After I lost my second baby through an ectopic pregnancy, I went for a long time without being able to grieve.
In looking back, every single thing I did or didn’t do was probably an act of grief, but I kept it below the surface because it felt too big and scary, as though it would turn my life upside down.
Which we all know it does, and then some.
One day after being thrown head first into the all consuming grief that started after our adoption broke down, I wondered at how I had “managed” to keep it below the surface up until then. I realized that I had disconnected so many years prior and had never been able to understand what it was that I was supposed to grieve, or how. I somehow thought deep down that she was still with me, that I just had to work hard enough and I would find her. I kept searching, kept hoping through all the infertility treatments, kept thinking it must have been a mistake, that the answer was just around the corner.
It made no sense: one moment she had been there, and then she was gone.
I had to figure out the missing piece, but that missing piece was nowhere to be found.
Not long after that realization I was driving through a mountain pass when out of the previously blue summer sky the most intense thunderstorm came rushing through, covering the road and my car in rain and hail.
I couldn’t see through the sheets of water, I had to pull over until it passed.
I sat on the side of the road and was suddenly consumed by a grief so immense that I thought I was not going to make it. I actually thought that I was going to drown – whether from the storm or the depths of the sadness, it didn’t matter – this was it.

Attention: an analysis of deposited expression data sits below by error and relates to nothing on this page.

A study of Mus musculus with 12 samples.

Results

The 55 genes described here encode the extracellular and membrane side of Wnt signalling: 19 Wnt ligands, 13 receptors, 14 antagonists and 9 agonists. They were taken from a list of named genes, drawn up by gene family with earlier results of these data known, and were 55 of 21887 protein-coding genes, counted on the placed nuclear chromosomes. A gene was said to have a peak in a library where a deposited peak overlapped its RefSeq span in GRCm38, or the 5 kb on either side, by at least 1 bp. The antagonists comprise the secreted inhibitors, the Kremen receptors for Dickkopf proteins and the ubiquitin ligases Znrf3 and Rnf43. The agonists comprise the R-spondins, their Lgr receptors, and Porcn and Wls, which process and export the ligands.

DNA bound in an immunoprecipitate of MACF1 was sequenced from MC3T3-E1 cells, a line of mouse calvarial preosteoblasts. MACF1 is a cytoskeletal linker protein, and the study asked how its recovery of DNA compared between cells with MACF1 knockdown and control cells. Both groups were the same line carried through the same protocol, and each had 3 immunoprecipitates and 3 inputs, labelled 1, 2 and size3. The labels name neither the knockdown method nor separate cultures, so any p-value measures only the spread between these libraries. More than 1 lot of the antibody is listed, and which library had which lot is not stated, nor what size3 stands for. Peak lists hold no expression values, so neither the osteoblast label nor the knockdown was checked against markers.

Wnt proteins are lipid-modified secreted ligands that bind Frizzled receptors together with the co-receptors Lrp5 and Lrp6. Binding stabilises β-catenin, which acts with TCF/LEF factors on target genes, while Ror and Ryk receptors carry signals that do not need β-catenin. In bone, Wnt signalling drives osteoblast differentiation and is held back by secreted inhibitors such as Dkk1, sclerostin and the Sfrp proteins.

Those of you who have been in this place know it all too well.
The emotions eventually lessened, as did the storm, and I was able to start driving again. I had finally caught my breath and driven a little way down the highway when I was greeted with the most spectacular light show.
There were colours that I didn’t know could be in a sunset, and it was beyond description. I went around another corner and the mountains opened up, with the light and colours right in front of me, and I suddenly, vividly, understood.
I heard a child’s voice, a little girl, coming from somewhere above me:
“I’m right here mommy, I’m always here, I’m in the light, I’m here.”
Some of you might have experienced something similar, some of you might wonder what I’m talking about, and some of you might just dismiss it – not a problem. What was revealed to me that day was what I had not been able to connect to for so long – what I had been searching for since the moment I came out of surgery after that horrific trip to the ER with the excruciating pain and blinding shock, the fear of losing both her life and my own.
I hadn’t realized what was missing. I ‘knew’ but I didn’t ‘know’. When I left the hospital and tried to get going again with my ‘normal’ life, there was a missing in me, a massive missing, and everything froze around it trying to protect that broken space.
She was there, and then she was gone.
And so that day in the mountains, with the light, the warmth, the colour, the storm, the clouds, the breaking open, I finally understood.
I did not get to say goodbye to my baby.
She had disappeared without my knowing,
without my understanding of what needed to happen.
I needed to say goodbye.
I needed to know where she went.
I realized that I had been for the past decade wondering in the very depths of my heart:
“Where Are You…?”
And this had so affected my ability to grieve.
That day she had answered, because she knew I was ready to hear.